Horror-Legende Tobe Hooper ist im Alter von 74 Jahren gestorben. Der Mann inszenierte neben dem Genre-Meilenstein Texas Chainsaw Massacre auch meinen Alltime-Horror-Fav Poltergeist (zumindest teilweise, wenn nicht grade Spielberg hinter der Kamera saß).
Hooper was born in Austin, Texas in 1943. For much of the 1960s he worked as a university professor and a documentary cameraman. He made his directing debut with Eggshells, a low-budget hippie movie released in 1969.
In 1974 Hooper assembled a group of students and teachers to perform in another low-budget work influenced by the serial killer Ed Gein, concerning a group of friends who are picked off one by one by cannibals. Despite being banned in several countries including the UK for its violent content, the Texas Chainsaw Massacre would prove to be enormously successful at the box office, and is now regarded as one of the most influential horror films of all time. The film spawned a number of sequels – the first of which was directed by Hooper – as well as several remakes. A prequel film about lead character Leatherface is due later this year.
Nach Chainsaw drehte Hooper die Adaption von Stephen Kings Salem's Lot und verfilmte Colin Wilsons Buch The Space Vampires unter dem neuen Titel Lifeforce, die leider unverdient an der Kinokasse floppte, ebenso wie The Texas Chainsaw Massacre 2.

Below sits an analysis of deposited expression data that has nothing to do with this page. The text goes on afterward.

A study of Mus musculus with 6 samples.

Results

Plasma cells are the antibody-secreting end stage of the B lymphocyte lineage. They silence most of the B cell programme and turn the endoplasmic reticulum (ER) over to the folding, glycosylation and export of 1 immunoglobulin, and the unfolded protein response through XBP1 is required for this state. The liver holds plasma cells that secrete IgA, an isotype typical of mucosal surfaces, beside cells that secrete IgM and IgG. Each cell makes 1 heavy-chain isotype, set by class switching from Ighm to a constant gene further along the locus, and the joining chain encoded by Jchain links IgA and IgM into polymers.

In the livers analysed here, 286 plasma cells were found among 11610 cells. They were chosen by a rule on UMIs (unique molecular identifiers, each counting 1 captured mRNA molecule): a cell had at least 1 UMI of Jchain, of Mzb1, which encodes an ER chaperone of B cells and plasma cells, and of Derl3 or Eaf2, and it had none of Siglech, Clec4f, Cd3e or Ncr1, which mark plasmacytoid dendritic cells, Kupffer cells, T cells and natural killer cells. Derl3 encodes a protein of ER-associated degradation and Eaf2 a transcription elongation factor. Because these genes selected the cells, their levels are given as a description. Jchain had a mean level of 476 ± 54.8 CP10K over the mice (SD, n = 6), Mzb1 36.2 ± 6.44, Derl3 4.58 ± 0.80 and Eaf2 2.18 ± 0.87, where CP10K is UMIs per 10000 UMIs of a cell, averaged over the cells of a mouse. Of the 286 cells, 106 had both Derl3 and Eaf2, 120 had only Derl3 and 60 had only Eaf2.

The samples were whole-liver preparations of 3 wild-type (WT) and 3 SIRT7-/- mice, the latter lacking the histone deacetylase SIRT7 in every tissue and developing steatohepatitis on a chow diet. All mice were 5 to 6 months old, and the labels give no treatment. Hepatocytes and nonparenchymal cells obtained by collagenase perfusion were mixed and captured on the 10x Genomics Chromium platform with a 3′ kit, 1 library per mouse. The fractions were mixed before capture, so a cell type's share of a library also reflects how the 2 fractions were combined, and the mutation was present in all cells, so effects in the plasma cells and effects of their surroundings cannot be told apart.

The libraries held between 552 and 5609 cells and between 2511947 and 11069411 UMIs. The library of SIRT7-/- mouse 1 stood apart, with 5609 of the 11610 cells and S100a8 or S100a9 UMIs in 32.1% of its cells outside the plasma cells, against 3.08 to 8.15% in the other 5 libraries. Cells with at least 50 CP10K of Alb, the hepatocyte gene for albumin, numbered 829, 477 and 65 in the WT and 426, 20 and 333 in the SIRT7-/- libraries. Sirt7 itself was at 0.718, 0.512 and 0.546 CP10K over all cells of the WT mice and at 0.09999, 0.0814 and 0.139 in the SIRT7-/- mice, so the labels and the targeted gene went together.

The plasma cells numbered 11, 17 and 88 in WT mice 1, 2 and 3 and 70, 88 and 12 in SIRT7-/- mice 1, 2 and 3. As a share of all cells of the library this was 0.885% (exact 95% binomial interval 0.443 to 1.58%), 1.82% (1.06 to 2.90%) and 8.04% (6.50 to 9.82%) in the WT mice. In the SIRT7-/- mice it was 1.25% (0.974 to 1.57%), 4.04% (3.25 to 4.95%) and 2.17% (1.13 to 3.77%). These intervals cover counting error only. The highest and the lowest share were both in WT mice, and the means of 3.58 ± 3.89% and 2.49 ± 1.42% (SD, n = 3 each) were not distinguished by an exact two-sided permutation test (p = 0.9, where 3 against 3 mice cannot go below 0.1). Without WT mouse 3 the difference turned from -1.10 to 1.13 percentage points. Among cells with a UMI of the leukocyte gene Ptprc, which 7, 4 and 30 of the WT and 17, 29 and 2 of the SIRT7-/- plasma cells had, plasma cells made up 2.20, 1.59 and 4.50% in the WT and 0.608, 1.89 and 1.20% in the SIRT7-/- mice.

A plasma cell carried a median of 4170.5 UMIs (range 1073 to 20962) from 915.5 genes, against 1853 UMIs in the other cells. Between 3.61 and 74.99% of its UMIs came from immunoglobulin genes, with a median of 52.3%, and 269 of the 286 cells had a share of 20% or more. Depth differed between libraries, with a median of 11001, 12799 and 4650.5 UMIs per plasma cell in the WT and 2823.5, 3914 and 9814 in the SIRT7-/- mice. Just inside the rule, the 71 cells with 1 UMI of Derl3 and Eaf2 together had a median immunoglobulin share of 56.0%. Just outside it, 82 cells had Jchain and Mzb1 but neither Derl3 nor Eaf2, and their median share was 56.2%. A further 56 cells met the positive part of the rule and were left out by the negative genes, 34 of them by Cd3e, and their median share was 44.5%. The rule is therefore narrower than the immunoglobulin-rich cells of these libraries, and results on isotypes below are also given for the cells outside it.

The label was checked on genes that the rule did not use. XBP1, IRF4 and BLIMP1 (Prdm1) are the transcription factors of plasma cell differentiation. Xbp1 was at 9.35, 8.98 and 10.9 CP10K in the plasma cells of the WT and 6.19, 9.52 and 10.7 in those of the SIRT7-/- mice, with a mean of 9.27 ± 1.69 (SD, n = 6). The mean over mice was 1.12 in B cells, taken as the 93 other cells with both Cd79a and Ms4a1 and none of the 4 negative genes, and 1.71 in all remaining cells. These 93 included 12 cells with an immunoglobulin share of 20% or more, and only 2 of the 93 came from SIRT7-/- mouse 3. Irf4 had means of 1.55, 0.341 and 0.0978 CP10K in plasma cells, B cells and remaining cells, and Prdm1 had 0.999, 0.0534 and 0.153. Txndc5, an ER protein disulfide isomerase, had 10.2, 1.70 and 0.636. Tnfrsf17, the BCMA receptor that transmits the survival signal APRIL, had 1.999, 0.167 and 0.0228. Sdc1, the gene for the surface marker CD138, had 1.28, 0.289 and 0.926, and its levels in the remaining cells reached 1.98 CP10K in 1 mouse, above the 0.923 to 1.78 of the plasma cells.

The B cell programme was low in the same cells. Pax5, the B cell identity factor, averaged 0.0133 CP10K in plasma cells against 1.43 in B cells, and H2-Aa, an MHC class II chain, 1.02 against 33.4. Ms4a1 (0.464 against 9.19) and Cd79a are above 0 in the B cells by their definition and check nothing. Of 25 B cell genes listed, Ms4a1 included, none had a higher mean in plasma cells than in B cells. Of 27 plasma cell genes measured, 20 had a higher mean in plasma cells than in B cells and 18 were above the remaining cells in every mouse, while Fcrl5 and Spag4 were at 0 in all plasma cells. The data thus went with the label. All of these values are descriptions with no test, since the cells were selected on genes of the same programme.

Neben Chainsaw wird mir Hooper aber vor allem für sein großartiges Remake des 1956er SciFi-Klassikers Invasion from Mars in Erinnerung bleiben, dessen VHS-Kopie ich damals hoch- und runtergeschaut habe.
Danke für das ganze Blut, Tobe! Sad day.
Nachruf im Guardian: Tobe Hooper: the director who took a chainsaw to wholesome family life
The Texas Chainsaw Massacre became a locus classicus of the censorship and screen violence debates here when it was refused a certificate by the British Board of Film Classification upon its first release in 1975, and then in the 1980s, as the era of VCR and video rental dawned, had its brief video release cancelled along with many other ultraviolent provocations such as Hooper’s next film Eaten Alive (1977), Ruggero Deodato’s Cannibal Holocaust (1980), Wes Craven’s Last House On The Left (1972) — notably inspired by Ingmar Bergman’s Virgin Spring — and Meir Zarchi’s I Spit On Your Grave (1980). These became the much-feared, much-gloated-over “video nasties” and were refused certificates for two decades after this. […]
Tobe Hooper learned — or rather taught — a lesson which had been imbibed by other film-makers like George A. Romero and belatedly by Hitchcock himself. Pure low-budget horror can be a liberating challenge, and for a technically gifted director it offers the chance to unleash electrifyingly powerful forces within an audience. Another kind of film might hope, with a cleverly composed series of shots, to make its audience sigh, or laugh, or cheer or choke up with tears. A horror director, with approximately the same skillset, can get a colossally bigger payoff: a scream of horror, a yelp of fear that you will remember for the rest of your life.